75% of Americans Don't Trust Obama on Economy

A new survey released by CNBC reports just 24% of Americans are confident in the President’s economic leadership. Support for Obama’s economic leadership, moreover, is 15 points lower than it was in August 2010, just a few months before the GOP wave swept through Congress. Obama’s low marks comes even as the poll found a slight increase in American’s optimism about the economy. 

Last week, Fox News analyst Juan Williams suggested that the “improving” economy could bolster Obama and the Democrats in the upcoming midterm elections. The CNBC survey should put that notion to rest. Just 45% of Democrats report they are confident in Obama’s economic policies. 

The CNBC survey did find Americans slightly more optimist about the economic outlook. That optimism is graded on a very steep curve, however. The number of Americans rating the economy as “fair” or “poor” dropped 5 points, to 79%. Those rating the economy “excellent” or “good” rose 3 points, up to only 18%. 

Almost every day, new economic data is sliced and parsed by analysts and pundits for clues about the direction of the economy. At times, it doesn’t seem far off deliberations over entrails at Delphi millennia ago. The economy is not, however, a cold math equation. People feel it everyday. At best, the economy is flat, with no obvious prospects for improvement.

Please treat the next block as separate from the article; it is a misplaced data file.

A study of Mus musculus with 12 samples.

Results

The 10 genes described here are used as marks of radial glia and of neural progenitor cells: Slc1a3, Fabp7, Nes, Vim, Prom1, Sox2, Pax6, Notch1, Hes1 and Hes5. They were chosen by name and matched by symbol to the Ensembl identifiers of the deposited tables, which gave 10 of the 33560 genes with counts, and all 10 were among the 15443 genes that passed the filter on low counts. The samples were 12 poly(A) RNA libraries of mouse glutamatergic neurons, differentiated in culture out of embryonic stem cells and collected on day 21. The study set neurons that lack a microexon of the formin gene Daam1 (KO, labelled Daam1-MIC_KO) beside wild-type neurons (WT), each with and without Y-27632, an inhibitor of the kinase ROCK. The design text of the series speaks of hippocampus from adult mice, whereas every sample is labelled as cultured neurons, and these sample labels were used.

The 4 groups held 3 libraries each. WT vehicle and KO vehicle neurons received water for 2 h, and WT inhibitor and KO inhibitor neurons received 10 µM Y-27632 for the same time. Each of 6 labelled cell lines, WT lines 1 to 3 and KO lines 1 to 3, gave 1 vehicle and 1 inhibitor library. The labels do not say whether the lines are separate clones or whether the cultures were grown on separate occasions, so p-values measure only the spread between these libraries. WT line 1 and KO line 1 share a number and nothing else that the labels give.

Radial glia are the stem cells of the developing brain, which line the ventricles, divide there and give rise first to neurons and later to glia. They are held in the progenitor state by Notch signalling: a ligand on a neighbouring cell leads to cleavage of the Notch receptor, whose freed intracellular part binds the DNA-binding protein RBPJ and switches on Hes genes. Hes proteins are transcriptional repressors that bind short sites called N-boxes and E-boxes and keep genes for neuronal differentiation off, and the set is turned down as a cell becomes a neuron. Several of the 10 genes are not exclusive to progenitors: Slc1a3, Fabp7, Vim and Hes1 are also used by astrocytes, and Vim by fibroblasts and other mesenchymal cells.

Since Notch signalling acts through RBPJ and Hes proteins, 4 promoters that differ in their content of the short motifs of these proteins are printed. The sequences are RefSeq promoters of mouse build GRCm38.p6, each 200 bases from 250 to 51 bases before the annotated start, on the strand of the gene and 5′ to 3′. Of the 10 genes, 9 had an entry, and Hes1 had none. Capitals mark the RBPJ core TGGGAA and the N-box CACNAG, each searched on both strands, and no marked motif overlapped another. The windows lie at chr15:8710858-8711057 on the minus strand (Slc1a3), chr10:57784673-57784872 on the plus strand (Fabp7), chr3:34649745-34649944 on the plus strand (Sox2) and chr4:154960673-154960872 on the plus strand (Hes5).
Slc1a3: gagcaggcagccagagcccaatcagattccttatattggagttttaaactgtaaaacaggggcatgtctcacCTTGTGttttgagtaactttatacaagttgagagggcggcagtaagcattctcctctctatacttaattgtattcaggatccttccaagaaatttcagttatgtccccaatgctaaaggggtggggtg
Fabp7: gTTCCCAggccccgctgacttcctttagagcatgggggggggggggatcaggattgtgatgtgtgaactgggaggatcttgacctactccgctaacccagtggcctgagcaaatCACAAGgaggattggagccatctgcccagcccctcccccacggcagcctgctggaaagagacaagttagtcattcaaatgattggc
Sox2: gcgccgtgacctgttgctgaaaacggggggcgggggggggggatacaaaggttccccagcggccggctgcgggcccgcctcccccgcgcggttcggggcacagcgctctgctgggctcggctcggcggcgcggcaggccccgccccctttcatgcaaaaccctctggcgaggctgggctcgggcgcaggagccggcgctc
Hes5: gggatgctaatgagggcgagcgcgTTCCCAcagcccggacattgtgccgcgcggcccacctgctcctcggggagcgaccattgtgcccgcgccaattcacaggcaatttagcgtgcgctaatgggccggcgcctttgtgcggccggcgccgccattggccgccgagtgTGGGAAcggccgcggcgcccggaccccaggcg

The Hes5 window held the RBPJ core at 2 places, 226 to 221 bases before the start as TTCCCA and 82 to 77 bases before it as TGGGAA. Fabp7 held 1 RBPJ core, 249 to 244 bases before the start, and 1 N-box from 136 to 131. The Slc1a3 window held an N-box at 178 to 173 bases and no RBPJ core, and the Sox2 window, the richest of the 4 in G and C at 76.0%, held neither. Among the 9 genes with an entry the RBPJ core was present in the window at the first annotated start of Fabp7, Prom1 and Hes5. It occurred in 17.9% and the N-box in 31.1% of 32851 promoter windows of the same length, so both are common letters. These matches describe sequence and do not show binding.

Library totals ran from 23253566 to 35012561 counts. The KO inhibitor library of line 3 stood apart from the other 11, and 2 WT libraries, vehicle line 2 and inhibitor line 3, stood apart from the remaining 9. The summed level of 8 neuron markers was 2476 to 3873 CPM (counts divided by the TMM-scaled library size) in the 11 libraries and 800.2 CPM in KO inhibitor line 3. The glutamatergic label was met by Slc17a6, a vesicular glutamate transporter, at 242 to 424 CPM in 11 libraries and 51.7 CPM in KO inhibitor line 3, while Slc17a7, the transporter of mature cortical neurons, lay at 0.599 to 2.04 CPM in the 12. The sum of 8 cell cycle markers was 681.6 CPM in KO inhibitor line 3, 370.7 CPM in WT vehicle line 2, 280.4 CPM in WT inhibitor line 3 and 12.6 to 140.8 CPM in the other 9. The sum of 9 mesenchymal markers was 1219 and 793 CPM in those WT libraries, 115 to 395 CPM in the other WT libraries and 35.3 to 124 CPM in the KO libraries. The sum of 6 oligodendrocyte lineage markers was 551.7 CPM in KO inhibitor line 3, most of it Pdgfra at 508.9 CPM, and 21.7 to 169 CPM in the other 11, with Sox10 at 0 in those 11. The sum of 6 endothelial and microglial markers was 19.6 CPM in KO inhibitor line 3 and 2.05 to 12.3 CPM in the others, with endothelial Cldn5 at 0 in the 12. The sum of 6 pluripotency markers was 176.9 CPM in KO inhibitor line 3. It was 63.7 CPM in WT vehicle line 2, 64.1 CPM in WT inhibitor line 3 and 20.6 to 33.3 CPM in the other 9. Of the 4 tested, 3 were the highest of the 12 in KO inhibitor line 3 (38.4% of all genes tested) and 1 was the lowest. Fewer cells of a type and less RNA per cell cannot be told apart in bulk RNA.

This has been the economic outlook for most of Obama’s presidency. In response, Obama has pitched the same set of policies; hike the minimum wage, build more infrastructure and ensure “equal pay” for women. It is as if his economic philosophy was lifted out of a discarded script of That 70s Show. Those policies might be useful, in and of themselves, but they are hardly the recipe to fix an economy with an historically low number of Americans in the workforce. 

Obama has lost the public’s trust on the economy. Without regaining it, he is unlikely to improve on his poll numbers. We will all just have to mark time and limp along until the end of his term.